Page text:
Plenty of Celtics fans were ticked at Twitter personality LaJethro Jenkins this week.
In case you missed it, Jenkins - the online alter ego of Yahoo! Sports' John Nichols - called out Hall of Famer Bob Cousy as "quite possibly the most overrated player in the history of the sport." Jenkins' take on Cousy, in an age where tweaking Boston fans is a pastime in and of itself, was a toasty one.
Consider the source: Jenkins tagged up with Yahoo! Sports last year to be their resident hot take artist. Catering to an audience flooded with goldfish-level attention spans, Jenkins' spin on the ancient art of sports debate drives engagement with Yahoo! social media channels.
Cousy, with his "Stanley from The Office" handles, has become an easy target for contemporary NBA observers. He's the boomer's pick in a conversation dominated by millennial fans. In fact, Isaiah Thomas seems to think he'd lay waste to the Houdini of the Hardwood and anybody from the pre-Woodstock NBA.
It's still a bad take.
Part of it is the medium. Think pieces don't sell on Twitter, so a 90-second video limits Jenkins to a lame recitation of Cousy's field goal percentage, in particular his 37 percent mark (like an accountant, Jenkins rounds down - I won't hold it against him) during his 1956-57 MVP season and a sub-40-percent rate for his career. He neglects to mention that, in 1957, a mere 18 players in the entire league shot 40 percent from the field. The league leader was Neil Johnston at less than 45 percent.
By comparison, 51 players are shooting over 40 percent from three-point range this year, with league leader Meyers Leonard clocking in at 54 percent - or, nine points higher than the guy who led a league with no three-point line 60-plus years earlier.
Jenkins uses Wilt Chamberlain's early dominance of the NBA to discredit the era during which Cousy piled up trophies. Doesn't that also discredit Chamberlain? For instance, wouldn't the era's poor shooting have contributed to the Stilt's astonishing rookie average of 27 rebounds per game?
He doesn't offer a line of demarcation for when one's contributions to basketball become truly meaningful in a discussion of all-time greatness. He doesn't even mention that Cousy played with all the talent in the world while poor Paul Arizin had to slum it with Tom Gola until Wilt came along. There's no time for that. What we have here is 90 seconds for the purpose of getting people Mad Online.
Guess it worked.
Analytics and two decades of rulebook tweaks have sanded down the rough edges of the NBA. Today's game hardly resembles the sport of 15 years ago, much less the one Cousy retired from six years prior to the moon landing. Players are making more efficient decisions and meeting less resistance than ever before.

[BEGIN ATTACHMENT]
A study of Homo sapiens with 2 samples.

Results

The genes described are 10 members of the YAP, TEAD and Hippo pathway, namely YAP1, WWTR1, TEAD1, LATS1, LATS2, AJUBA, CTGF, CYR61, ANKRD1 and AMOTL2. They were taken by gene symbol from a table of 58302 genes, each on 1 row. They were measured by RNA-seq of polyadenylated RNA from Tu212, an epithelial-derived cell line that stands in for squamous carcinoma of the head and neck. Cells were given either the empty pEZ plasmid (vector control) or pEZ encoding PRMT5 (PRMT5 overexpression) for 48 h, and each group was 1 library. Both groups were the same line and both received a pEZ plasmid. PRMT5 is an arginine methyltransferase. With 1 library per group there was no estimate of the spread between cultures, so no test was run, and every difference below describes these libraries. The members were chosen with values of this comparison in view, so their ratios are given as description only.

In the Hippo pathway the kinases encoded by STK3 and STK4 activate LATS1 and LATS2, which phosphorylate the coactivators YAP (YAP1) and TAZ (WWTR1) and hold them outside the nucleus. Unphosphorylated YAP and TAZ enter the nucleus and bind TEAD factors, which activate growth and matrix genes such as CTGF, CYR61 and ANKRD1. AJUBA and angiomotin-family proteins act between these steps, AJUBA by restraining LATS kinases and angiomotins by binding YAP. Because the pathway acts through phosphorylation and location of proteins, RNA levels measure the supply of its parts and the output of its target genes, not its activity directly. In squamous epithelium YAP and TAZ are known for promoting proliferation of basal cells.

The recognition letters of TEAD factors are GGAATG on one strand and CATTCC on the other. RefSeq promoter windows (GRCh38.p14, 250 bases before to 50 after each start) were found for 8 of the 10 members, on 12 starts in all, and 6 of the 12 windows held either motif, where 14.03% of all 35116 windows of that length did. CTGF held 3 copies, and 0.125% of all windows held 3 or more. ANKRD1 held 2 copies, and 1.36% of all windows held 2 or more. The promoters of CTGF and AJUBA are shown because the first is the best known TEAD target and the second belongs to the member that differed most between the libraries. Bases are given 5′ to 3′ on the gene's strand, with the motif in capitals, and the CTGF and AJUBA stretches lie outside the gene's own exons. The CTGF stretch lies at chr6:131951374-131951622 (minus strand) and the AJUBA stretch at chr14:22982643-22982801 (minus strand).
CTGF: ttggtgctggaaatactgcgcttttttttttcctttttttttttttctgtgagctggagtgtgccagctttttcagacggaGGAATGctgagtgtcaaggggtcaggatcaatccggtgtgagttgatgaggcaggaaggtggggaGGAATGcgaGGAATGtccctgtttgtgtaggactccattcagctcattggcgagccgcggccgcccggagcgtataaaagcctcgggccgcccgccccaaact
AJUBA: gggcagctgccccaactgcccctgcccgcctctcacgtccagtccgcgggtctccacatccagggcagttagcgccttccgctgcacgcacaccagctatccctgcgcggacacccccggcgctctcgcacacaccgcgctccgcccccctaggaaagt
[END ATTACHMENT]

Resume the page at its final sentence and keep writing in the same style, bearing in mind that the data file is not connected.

So Cousy's numbers aren't that impressive when stacked up against modern superstars. So what?
There's no denying Cousy, who led the NBA in assists for seven consecutive seasons, was the dominant backcourt player of his era - an age where the action ran through marquee frontcourt stars like Chamberlain, Bill Russell, Bob Pettit, Dolph Schayes and Maurice Stokes.
He's one of the all-time greats. Hands down.
In the modern game, everybody gets fed, with pace of play at its quickest since the 1985-86 Celtics ruled the basketball world. Five players have already totaled 50 or more points in a game. Compare that to a decade ago, when just one player (the unlikely Andre Miller) hit the mark.
As of Thursday, an incredible 15 players had heated up for 40 or more points (with James Harden doing it nine separate times). Two, Bradley Beal and Buddy Hield, popped for 41 points against the Celtics.
Boston has seen its own share of standout individual performances. Jaylen Brown's season-high 31 points Wednesday night followed Jayson Tatum's second 30-point effort of the year Sunday against the Knicks. That was mere days after Kemba Walker hung 39 on the Nets on Thanksgiving eve - the point guard's fourth foray into the 30-point club. Gordon Hayward also had a 39-point outburst prior to his injury.
In all, 72 NBA players have logged 211 different 30-point games this season. The Celtics have only accounted for eight of those instances. But just four other teams - the Clippers, Raptors, Grizzlies and Pistons - have had four different players score 30 in a contest. The stat underscores a nightly dynamic of sharing the basketball and yielding to the hot hand when necessary. Boston's ability to get that kind of production from multiple sources should keep them in most games and help them gut out their toughest challenges.
Miami knocked off a tough Toronto team in overtime Tuesday before landing in Boston for Wednesday's game. While the C's were without Marcus Smart, they'd also benefited from two days of rest. The Heat got off to a quick start, leading by 11 in the second quarter, before Boston's 26-7 run to close out the half put the home team in control.
The Heat were clearly gassed in the second game of a back-to-back, and the flurry continued after the break. The Green tracked down 50/50 balls, kept possessions alive on the glass, attacked the hoop and hit their outside shots. They looked fresh.
Recently proposed changes to the NBA schedule, along with playoff modifications and an in-season, European soccer-style tournament, also include a slight reduction in regular season games. Could this spell the end for the dreaded back-to-back?
The league already pushed the season opener up from Halloween to mid-October to allow for more rest days. Striking another handful of contests from the schedule could eliminate situations like the one the Heat faced Wednesday night.